Back in March, I read a fascinating book about Clementine Churchill that led me to write a Musing about the aphorism, “Behind every great man stands a great woman.” I have just finished another completely absorbing book that leads me to ask a different question. How many women achieved public greatness because of their husbands?
The book I just finished, Will and Ariel Durant: A Dual Autobiography, was written in 1977, a few years before the famous historians, philosophers and authors died within weeks of each other. Brought to the United States from Russia as a toddler, Ethel (later renamed Ariel by her husband) grew up in a Jewish immigrant family that struggled economically, socially and religiously. Left much to her own devices, as a young teen she removed herself from public school joining a radical school named for an anarchist. Meanwhile, Will Durant, born to a fervently Catholic, stable family, made his own way to the school as a teacher after abandoning religious training in seminary and embracing atheism.
When the fifteen-year-old student and the twenty-seven year old teacher married, few objective observers would have greeted the incongruous couple’s commitment with optimism. As it was, their partnership of close to seventy years produced not only their daughter but their epic volumes, “The Story of Civilization,” along with numerous other writings. These garnered them not only a Pulitzer Prize but also Medals of Freedom from President Gerald Ford.
The last few volumes of “The Story of Civilization” bear both Will and Ariel’s names as authors. This reflects how her vocation moved from supporting spouse to research and editing assistant until she eventually occupied an equal platform as co-author. Her husband’s passion, training and skills became her own as the couple balanced marriage and craft.
Such was also the case for Lillian Gilbreth, most popularly known as the mother of the Cheaper By the Dozen clan. She too started as a research and editing assistant to her husband, Frank, as he developed the field of motion-study. After his untimely death, it became clear that she had absorbed his passion and talents as well as she continued the business with herself at the helm.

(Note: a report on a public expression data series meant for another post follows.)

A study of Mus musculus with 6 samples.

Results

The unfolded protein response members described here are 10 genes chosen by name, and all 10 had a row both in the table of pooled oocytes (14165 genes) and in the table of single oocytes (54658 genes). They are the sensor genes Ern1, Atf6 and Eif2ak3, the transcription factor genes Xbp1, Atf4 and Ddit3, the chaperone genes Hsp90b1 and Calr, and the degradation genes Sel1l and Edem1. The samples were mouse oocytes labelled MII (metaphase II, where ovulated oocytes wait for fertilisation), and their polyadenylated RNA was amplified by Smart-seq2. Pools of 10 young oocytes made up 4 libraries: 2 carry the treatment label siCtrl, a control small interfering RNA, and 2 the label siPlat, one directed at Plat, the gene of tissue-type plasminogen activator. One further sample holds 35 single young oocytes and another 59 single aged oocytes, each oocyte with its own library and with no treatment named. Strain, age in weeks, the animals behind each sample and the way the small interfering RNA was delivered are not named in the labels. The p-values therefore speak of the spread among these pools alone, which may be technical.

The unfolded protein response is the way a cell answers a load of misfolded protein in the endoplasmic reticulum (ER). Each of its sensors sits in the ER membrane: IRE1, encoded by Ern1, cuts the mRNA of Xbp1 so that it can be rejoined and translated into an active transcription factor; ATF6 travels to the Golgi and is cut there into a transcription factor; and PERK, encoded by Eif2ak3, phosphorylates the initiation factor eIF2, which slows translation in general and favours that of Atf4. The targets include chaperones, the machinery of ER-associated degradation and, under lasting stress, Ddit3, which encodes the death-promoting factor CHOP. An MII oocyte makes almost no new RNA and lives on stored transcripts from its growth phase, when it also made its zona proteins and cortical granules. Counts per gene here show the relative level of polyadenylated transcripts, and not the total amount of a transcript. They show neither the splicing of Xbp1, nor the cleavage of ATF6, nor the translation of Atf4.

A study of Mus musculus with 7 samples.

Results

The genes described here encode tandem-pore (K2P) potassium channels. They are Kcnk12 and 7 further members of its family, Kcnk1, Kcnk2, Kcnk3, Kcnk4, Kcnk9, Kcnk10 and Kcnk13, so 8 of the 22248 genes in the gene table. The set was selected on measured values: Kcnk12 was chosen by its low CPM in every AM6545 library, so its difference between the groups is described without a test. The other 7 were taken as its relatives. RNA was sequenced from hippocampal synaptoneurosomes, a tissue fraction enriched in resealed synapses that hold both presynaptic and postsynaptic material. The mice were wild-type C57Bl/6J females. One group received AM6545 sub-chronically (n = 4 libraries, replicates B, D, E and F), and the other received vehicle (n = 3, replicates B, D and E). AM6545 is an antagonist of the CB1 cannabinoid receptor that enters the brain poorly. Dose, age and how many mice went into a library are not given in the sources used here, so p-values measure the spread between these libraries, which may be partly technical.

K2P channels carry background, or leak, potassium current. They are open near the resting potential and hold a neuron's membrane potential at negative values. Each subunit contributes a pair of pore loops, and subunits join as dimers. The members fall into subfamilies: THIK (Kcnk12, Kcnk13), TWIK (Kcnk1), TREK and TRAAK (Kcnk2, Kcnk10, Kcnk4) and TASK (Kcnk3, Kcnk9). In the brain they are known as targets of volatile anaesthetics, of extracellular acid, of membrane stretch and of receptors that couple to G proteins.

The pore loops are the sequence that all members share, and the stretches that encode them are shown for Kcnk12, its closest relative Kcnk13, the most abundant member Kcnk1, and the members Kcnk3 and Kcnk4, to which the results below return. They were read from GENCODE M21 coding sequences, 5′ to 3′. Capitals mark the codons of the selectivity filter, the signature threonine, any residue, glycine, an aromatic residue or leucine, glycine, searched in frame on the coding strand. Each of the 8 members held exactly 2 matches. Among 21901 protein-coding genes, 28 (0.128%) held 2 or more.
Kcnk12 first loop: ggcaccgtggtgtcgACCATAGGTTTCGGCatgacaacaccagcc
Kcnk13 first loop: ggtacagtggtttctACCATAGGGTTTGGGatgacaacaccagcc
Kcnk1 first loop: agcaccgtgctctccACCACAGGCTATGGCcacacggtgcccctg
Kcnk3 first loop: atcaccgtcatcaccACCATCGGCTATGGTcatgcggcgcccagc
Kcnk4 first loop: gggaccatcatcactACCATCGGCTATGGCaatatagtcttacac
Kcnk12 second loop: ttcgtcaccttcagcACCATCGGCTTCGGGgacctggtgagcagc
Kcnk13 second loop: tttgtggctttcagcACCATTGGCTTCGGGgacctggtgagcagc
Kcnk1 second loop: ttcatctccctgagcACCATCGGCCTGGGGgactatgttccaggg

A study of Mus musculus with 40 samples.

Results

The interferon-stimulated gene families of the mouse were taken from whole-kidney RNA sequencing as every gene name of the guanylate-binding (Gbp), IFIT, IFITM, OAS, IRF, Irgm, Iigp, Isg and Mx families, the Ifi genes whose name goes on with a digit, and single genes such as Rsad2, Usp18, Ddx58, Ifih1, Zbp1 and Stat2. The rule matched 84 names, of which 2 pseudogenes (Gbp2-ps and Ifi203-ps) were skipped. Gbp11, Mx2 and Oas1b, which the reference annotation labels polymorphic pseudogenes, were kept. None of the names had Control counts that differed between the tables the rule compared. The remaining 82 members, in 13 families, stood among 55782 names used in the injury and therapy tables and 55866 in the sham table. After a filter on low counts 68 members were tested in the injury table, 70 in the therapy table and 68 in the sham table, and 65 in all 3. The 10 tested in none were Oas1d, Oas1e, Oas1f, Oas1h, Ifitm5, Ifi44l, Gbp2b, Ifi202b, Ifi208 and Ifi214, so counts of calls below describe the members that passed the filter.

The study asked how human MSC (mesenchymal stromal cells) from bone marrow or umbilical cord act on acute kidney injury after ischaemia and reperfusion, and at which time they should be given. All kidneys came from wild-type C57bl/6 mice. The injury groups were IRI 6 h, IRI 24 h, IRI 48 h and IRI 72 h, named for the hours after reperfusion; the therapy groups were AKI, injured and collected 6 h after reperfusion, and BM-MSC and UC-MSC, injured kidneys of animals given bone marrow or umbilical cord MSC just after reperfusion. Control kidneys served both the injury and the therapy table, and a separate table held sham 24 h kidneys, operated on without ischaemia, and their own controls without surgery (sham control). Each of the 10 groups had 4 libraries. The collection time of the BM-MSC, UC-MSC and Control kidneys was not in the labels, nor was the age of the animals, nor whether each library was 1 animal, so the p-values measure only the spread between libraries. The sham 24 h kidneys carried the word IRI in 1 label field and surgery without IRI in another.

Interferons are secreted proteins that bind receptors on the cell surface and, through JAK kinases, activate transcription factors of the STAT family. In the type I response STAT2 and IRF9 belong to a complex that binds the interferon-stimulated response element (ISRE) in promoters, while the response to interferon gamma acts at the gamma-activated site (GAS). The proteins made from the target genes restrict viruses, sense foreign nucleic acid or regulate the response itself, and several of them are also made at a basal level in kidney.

It would take a tremendous leap of faith to believe that Ariel Durant would have pursued a career in history or that Lillian Gilbreth would have chosen to work in her field had they not been married to and mentored by the men in their lives. Like Clementine Churchill, their intelligence and talents would, had they been developed at all in the public arena, been applied in other areas. There are, of course, countless other women who were able to accomplish what they did in their own spheres of interest only because of their husband’s resources. Jennie Butchart, for example, after studying chemistry so that she could assist in her husband’s business, turned his abandoned limestone quarry into the magnificent gardens located on the Saanich Inlet of British Columbia.
Neither Winston Churchill, Frank Gilbreth nor Will Durant would have been recognized by most women as Prince Charming. They were brilliant, driven, focused and passionate men fortunate to find and cultivate brilliant women who appreciated their drive, respected their focus and came to share in their passions. The women they chose allowed their own destinies to be molded by marriage, enriching their own lives and the lives of many others in the process.